Centering itself on a world where vampires have become the new black, humans are rounded up like cattle to feed their yellow eyed overloads; as a result, blood supplies are running low and it is up to Edward (Ethan Hawke harnessing his full powers of brooding and sullenness) to develop a blood substitute. Meeting a group of renegade humans (populated by the former casts of Home & Away and The Secret Lives of Us), Edward discovers that their leader Elvis (Willem Defoe) holds the key to a potential cure and return to humanity.
Sam Neill hovers ominously overhead as Edward’s malevolent benefactor, cementing it’s post-apocalyptic credentials (and proving that along with William H Macy, he’ll do anything for a paycheck).
The plot for all its intentions, remains little more than an irritation, getting in the way of the sudden jolts the directors produce with wanton glee and enthusiasm. There is no character development, with each character essentially ending the movie with the same level of depth with which they entered it. Characters are introduced, only to serve a purpose and meet their eventual end, whether it be violent or simple redundancy.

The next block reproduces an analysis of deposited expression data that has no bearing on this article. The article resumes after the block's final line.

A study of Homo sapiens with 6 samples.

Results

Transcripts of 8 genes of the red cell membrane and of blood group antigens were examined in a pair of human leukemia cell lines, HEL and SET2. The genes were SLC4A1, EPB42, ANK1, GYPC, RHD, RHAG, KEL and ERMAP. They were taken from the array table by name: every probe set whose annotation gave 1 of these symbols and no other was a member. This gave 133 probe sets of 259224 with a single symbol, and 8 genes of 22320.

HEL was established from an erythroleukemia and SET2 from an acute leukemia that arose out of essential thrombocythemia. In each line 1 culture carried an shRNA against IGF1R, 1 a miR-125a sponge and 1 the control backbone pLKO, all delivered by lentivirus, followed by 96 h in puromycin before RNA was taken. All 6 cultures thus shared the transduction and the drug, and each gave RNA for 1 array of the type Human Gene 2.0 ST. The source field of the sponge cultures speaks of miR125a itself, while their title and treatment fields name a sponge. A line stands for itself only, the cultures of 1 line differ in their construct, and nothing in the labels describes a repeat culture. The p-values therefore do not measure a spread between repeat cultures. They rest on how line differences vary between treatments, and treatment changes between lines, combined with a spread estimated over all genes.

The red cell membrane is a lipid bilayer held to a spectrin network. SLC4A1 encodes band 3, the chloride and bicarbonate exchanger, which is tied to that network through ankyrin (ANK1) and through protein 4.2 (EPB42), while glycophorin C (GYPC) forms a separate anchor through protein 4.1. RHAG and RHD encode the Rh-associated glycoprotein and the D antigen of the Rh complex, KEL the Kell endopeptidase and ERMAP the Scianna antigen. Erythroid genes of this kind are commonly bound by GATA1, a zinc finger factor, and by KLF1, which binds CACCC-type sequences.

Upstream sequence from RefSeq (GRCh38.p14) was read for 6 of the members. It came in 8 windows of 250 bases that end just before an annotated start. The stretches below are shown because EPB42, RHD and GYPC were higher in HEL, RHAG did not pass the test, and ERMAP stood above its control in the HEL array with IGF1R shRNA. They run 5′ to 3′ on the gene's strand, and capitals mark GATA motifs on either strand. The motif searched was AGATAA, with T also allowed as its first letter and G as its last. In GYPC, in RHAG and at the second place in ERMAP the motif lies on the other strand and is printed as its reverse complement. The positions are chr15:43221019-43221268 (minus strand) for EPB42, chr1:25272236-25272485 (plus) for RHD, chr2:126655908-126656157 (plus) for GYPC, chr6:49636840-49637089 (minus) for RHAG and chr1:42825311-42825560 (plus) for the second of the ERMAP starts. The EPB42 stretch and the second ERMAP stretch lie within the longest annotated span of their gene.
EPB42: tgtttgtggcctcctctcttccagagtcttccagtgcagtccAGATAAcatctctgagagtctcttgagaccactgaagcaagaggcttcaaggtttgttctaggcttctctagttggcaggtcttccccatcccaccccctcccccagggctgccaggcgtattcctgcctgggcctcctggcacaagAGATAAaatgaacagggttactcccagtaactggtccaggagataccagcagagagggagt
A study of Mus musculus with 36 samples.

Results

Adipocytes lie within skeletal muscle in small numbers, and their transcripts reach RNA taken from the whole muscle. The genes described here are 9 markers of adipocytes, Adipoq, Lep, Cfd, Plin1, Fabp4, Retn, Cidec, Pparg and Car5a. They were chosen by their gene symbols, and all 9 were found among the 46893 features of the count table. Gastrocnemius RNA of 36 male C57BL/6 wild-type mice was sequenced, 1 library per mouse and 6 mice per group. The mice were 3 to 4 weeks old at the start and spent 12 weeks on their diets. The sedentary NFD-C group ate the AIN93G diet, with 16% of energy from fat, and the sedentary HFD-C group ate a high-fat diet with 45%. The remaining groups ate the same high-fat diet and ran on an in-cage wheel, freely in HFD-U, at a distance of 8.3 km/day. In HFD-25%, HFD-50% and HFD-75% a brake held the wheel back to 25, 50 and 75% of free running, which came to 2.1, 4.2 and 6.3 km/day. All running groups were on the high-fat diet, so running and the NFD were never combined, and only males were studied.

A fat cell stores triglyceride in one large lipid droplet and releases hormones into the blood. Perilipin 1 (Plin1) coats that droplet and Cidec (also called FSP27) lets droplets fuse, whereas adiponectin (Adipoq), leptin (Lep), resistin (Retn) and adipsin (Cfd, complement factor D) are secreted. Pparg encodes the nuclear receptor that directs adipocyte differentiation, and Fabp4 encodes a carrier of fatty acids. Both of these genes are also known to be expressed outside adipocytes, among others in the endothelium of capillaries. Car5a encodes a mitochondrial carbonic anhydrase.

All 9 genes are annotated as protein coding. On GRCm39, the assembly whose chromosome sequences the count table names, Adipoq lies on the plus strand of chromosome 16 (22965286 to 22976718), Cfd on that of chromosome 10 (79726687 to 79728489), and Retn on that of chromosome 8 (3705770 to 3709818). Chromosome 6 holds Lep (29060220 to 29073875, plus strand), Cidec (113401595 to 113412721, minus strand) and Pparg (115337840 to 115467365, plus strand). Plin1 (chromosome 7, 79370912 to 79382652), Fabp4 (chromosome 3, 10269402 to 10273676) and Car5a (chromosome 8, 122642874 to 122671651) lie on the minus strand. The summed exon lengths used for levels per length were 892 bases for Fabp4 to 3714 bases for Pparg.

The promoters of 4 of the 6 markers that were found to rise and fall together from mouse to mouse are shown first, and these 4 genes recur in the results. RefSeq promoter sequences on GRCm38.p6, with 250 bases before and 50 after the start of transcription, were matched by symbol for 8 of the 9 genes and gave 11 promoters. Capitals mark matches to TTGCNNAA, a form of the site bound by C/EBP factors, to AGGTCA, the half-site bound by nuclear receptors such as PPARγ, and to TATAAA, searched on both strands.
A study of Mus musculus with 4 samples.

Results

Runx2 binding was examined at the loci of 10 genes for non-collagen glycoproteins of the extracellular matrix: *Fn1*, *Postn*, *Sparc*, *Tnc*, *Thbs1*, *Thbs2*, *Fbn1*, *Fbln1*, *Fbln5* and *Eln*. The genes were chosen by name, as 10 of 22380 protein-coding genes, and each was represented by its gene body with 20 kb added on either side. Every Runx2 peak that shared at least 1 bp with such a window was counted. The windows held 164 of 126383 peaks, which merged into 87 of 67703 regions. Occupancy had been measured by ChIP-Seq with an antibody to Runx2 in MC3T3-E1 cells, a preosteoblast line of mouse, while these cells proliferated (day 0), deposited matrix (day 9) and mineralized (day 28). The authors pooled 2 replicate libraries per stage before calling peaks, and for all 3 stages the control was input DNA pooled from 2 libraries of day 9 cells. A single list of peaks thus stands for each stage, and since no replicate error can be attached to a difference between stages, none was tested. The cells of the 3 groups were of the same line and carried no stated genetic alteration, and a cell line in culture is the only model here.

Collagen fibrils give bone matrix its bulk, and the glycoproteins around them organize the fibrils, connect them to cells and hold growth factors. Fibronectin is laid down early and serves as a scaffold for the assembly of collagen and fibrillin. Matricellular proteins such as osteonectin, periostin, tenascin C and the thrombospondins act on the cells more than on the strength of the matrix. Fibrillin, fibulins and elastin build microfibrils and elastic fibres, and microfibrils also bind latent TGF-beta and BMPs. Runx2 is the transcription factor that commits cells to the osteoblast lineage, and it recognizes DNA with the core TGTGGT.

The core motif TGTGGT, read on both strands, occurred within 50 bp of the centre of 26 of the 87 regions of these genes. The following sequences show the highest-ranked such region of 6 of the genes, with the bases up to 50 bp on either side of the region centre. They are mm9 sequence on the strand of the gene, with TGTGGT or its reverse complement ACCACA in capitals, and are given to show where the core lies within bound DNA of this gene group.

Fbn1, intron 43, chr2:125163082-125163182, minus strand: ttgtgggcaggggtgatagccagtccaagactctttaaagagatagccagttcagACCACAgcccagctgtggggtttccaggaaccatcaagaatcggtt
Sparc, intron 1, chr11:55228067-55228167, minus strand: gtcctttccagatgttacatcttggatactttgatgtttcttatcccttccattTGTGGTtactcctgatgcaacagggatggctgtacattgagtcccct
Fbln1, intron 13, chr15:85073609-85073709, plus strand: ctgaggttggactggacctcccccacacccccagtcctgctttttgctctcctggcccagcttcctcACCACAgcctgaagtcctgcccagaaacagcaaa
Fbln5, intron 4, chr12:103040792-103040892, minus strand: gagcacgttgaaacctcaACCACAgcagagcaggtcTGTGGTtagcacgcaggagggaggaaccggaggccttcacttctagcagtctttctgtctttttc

A significant amount of time is given over to establishing imagery and analogies to real life situations such as food shortages, corporate greed and simple ethical egoism but are handled with such force that it’s like trying to force a round peg into a square hole; using C4 explosives.
Where the movie truly shines is in its aesthetics, being both beautifully captured and developed. In spite of its faults, it somehow manages to still evoke a sense of foreboding and end of days physicality that is rarely seen elsewhere. Perhaps best watched without sound, the feel and visuals outlive the actual message of the script and make it a quite enjoyable piece to watch.